Department faculty mentoring programs complete second full year

Photo of a Department of Medicine white coat with embroidered University of Wisconsin crest in red and gold

The Department of Medicine (DOM) has completed a second year of its programs based on the science of effective mentoring.

Twenty-six associate and full professors on the CHS and tenure tracks completed “Entering Mentoring: How to Be an Effective Mentor,“ which focuses on how faculty can use mentoring to optimize talent in the department.

See the 2023 Entering Mentoring facilitators and faculty graduates.

An additional 18 faculty completed “Mentoring Up: How to Make the Best Use Of Your Mentors,” which teaches junior faculty to navigate the research training environment and proactively manage mentoring relationships. 

See the 2023 Mentoring Up facilitators and faculty graduates.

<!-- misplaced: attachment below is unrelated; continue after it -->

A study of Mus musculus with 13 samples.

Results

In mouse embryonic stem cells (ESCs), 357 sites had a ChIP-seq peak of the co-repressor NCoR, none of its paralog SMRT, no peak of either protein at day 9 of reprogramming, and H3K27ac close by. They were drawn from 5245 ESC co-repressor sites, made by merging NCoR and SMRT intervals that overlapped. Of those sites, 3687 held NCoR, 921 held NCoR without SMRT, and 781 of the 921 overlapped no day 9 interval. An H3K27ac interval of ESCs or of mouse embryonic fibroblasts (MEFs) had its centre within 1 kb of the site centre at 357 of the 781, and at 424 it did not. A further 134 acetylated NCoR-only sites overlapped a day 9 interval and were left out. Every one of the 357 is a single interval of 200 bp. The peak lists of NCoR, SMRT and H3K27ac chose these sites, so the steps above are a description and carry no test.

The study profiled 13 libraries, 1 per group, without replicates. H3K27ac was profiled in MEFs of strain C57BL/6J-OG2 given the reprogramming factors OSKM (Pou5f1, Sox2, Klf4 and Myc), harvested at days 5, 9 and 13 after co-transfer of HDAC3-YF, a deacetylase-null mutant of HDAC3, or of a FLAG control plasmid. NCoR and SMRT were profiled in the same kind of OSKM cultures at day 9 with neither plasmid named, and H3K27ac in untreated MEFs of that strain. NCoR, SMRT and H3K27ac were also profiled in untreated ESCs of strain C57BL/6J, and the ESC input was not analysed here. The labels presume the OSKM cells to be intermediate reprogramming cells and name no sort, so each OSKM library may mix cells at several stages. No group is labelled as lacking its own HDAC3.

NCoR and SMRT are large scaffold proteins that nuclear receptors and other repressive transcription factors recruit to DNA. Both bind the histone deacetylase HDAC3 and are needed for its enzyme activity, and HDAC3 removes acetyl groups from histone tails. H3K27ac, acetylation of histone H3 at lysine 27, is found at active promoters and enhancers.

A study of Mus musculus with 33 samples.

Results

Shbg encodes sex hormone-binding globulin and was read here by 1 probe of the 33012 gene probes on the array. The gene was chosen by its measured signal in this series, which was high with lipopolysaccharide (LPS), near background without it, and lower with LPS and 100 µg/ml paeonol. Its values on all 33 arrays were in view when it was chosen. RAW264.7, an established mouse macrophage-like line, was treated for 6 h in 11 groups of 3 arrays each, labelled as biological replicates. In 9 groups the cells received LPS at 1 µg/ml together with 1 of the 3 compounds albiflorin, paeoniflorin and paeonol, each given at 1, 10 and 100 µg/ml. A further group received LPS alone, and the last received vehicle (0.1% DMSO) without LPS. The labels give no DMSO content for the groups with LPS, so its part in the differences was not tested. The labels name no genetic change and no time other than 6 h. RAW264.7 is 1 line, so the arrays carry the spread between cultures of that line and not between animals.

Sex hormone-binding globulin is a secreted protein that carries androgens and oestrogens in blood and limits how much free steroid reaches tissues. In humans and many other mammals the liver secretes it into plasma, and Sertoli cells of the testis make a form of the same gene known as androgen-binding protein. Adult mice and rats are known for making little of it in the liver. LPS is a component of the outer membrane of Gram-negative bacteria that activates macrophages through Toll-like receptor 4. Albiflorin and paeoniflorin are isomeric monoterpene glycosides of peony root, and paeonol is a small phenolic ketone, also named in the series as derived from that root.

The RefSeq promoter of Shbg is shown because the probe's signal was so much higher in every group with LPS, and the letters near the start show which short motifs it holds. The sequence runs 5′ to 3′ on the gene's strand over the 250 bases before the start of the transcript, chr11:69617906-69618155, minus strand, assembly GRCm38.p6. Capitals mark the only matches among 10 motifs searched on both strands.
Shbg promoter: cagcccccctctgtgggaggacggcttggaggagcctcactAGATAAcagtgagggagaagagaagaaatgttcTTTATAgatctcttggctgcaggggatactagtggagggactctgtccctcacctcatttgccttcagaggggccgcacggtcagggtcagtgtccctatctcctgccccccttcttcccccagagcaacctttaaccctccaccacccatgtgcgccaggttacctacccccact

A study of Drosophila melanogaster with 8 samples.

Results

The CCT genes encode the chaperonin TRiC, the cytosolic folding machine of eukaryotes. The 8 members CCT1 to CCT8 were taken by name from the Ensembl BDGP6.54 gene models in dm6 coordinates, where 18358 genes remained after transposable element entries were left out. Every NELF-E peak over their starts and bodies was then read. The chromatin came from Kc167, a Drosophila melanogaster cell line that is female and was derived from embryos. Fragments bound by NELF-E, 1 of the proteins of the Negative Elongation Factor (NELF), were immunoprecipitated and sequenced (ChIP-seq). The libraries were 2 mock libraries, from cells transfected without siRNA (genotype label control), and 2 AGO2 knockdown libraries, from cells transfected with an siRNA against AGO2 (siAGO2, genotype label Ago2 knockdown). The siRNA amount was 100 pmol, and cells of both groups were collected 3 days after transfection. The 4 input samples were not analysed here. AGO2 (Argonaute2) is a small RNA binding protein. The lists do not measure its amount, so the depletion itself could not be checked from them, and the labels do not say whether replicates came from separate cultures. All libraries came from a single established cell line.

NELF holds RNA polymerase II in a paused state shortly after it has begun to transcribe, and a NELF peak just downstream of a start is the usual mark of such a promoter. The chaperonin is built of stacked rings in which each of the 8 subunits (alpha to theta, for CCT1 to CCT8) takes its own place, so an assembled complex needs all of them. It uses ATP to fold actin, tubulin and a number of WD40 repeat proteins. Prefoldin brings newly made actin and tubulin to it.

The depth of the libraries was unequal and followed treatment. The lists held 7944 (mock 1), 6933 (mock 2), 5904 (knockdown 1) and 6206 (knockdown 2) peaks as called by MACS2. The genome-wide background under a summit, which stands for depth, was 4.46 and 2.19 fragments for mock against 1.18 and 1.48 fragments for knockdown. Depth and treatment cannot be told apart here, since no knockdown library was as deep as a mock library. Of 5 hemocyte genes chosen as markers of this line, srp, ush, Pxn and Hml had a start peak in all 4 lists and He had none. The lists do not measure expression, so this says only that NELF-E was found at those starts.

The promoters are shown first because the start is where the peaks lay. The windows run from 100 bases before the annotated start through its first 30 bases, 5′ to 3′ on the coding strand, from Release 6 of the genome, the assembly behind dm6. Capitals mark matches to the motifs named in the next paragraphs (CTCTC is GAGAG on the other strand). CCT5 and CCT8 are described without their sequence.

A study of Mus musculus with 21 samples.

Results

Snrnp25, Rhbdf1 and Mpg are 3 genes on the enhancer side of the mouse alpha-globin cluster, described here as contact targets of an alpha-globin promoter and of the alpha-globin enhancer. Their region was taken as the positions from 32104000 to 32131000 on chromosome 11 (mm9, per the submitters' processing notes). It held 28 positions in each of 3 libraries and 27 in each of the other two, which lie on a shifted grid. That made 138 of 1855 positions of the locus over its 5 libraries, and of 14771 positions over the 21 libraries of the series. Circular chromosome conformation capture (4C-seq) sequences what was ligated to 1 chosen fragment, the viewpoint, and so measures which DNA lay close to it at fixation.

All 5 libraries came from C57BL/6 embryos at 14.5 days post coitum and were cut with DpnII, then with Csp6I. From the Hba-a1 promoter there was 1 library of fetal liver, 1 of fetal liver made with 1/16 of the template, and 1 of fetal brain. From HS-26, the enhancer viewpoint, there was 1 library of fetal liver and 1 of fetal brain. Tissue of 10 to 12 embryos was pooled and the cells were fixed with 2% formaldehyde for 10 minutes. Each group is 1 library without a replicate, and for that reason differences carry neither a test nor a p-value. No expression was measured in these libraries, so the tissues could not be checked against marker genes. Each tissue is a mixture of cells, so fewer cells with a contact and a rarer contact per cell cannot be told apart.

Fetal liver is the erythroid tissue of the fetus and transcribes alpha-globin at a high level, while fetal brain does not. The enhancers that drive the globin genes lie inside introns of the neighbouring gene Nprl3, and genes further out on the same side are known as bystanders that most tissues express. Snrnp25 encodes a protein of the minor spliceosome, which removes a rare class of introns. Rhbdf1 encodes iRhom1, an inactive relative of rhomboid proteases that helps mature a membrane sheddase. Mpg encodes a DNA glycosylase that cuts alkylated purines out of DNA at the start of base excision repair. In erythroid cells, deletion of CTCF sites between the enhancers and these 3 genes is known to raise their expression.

In total, 75% of the department’s junior faculty on tenure or CHS tracks have now completed mentor training.

According to the department’s vice chair for faculty development, James Stein, MD, Robert Turell Professor in Cardiovascular Research, Cardiovascular Medicine, both courses were highly successful with very favorable reviews and significant improvements in all skill domains.

“We are grateful for the support of everyone who participated, particularly the facilitators, who put in extra time training and developing the course content to meet our department needs,” says Dr. Stein. “Ultimately we hope these efforts will empower our faculty and cultivate professional opportunities and enhance personal and professional satisfaction.”

The department also completed a second year of its novel Clinical Faculty Development and Mentoring Program (CFDMP), which teaches clinical faculty skills they will use to mentor junior clinical faculty and provides education about DOM and University of Wisconsin School of Medicine and Public Health promotion, well-being and DEI resources.

“We now have 53 promoted clinicians who have been trained serve as mentors to new junior clinical faculty,” notes Dr. Stein. “As of our spring survey, all of our junior clinical track faculty had at least one meeting with their mentor—many had two or more.”

Overall, the department’s mentoring programs aim to build a culture that prioritizes, values and rewards mentoring excellence.